February 21, 2013

Gavaskar’s memorable M A K Pataudi Memorial Lecture


By Syed Khalid Mahmood
(Pakistan News & Features Services)

India’s greatest-ever opening batsman, Sunil Gavaskar, came up trumps while delivering the inaugural M A K Pataudi Memorial Lecture in Chennai on February 21.
It was another vintage Test double century by the great opener who talked at length about the various aspects of ‘Tiger’ Mansur Ali Khan Pataudi’s personality in the typically graceful style of his. 

Sunny Gavaskar lived to the reputation of taking his time and making his presence in a big way instead of unleashing just a few flashing shots before disappearing. It was a speech to remember and a lecture to savour. 

The Board of Control for Cricket in India (BCCI) could not have chosen a more appropriate person for the occasion. Sunny knew Tiger well enough and held him in high esteem all along as was reflected during the marathon speech whose text was both enlightening as well as enchanting. 

Following are the excerpts: 

“The difficult part is that right till the Nawab of Pataudi Jr passed away, I never knew how to address him. The first time I played under him was for the Vazir Sultan Colts XI in the Moin-ud-Dowla Gold Cup.” 

“We were about 16 years old at that time, socially challenged, and so we were in one corner. All the executives of Vazir Sultan were in another corner, and we never got the opportunity to speak to Tiger.” 

“I gathered up enough courage and said, 'What do we address you as? Nawab saab, captain, skipper, Pats, Tiger?' These were all the names that we'd heard him being addressed as by various other people. But we were all kids. The Nawab finished tying his shoelaces, looked up at me, turned and went away. So, we were none the wiser.”  

“I met him several times after that. I spent a lot of time with him when I got into the Indian team. But I could never actually call him anything. Every time there was an opportunity to talk to him, I went directly to him, instead of calling him by any name. So that really is going to be the tough part today. But just because he's addressed by just about everyone in their conversations, be it cricket or anything else, as Tiger, with your permission, I am going to address him as Tiger.” 

“Tiger was an extraordinary cricketer. To be able to play cricket with just one eye - and the splinter that went through his eye, you could actually see the scar in the eye when you were close to him - and score almost 3000 (2793) runs is something terrific. I mean, it's hard enough to see the cricket ball with two eyes, and here was a man who played with just one!” 

“The best thing about Tiger was that with his batting style and his approach to the game, he liberated Indian cricket. Till then Indian cricket was more about letting things drift than making things happen. Tiger changed the entire outlook and mindset. He stepped down the pitch to the spinners and lofted the quicker bowlers over the infield, which wasn't done before.”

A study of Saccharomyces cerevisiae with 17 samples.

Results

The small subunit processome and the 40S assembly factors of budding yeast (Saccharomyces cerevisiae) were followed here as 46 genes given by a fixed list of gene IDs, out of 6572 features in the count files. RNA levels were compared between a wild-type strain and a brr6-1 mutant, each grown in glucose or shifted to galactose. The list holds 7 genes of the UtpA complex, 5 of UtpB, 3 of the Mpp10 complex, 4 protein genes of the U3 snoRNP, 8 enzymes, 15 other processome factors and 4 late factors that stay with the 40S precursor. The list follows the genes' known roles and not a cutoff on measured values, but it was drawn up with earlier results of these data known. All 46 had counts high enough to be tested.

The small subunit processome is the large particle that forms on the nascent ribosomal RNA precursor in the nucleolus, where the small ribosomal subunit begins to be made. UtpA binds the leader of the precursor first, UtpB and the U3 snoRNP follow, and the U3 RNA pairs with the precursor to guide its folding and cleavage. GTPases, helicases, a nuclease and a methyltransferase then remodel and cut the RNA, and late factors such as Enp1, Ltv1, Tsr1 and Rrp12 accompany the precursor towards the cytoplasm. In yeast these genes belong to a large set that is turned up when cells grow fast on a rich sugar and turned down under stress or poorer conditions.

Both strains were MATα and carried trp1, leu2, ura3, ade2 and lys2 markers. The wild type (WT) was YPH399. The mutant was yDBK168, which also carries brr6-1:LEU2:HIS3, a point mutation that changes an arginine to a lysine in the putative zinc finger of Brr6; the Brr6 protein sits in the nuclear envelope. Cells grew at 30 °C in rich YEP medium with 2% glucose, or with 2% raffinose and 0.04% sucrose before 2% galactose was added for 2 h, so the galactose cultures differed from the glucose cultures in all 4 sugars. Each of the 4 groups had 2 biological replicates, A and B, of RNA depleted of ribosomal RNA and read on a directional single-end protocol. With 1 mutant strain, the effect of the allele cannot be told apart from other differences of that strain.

“India was a team which was being run-over by just about every other team. But when Tiger came in, he gave the team the belief and the confidence that they could play against any opposition, do well, and even go on to win. His charisma was such. It was incredible.” 

“He was one of those cricketers that you could never take your eyes off. If he was standing at covers and the action was going on in the middle, you would be looking at Tiger Pataudi. Yes, to a peripheral vision you were watching the action but he had that magnetism.”

“He was very good-looking as well. I keep saying that the 1960s has to be the most glamorous decade in Indian cricket. We had some really good-looking guys and they were dating some gorgeous women. Tiger Pataudi himself was dating the leading film star of India - Sharmila Tagore.” 

“Tiger also was an outstanding fielder. I think in the history of Indian cricket, Tiger has to rank among the top-three Indian fielders ever. Tiger himself, Eknath Solkar, who is no more with us, and Mohammad Azharuddin - these three would be, in my view, the top-three fielders of India. Wherever they stood - close-in, in the outfield - they were outstanding.” 

“Tiger, with that one eye, could hit the stumps quite regularly - pretty much as regularly as a Jonty Rhodes or a Ricky Ponting did. Whenever the run-out opportunity was there, Tiger hit the stumps. And that is the crucial thing. If you hit the stumps and the run-out opportunity is not there, it doesn't really mean much.”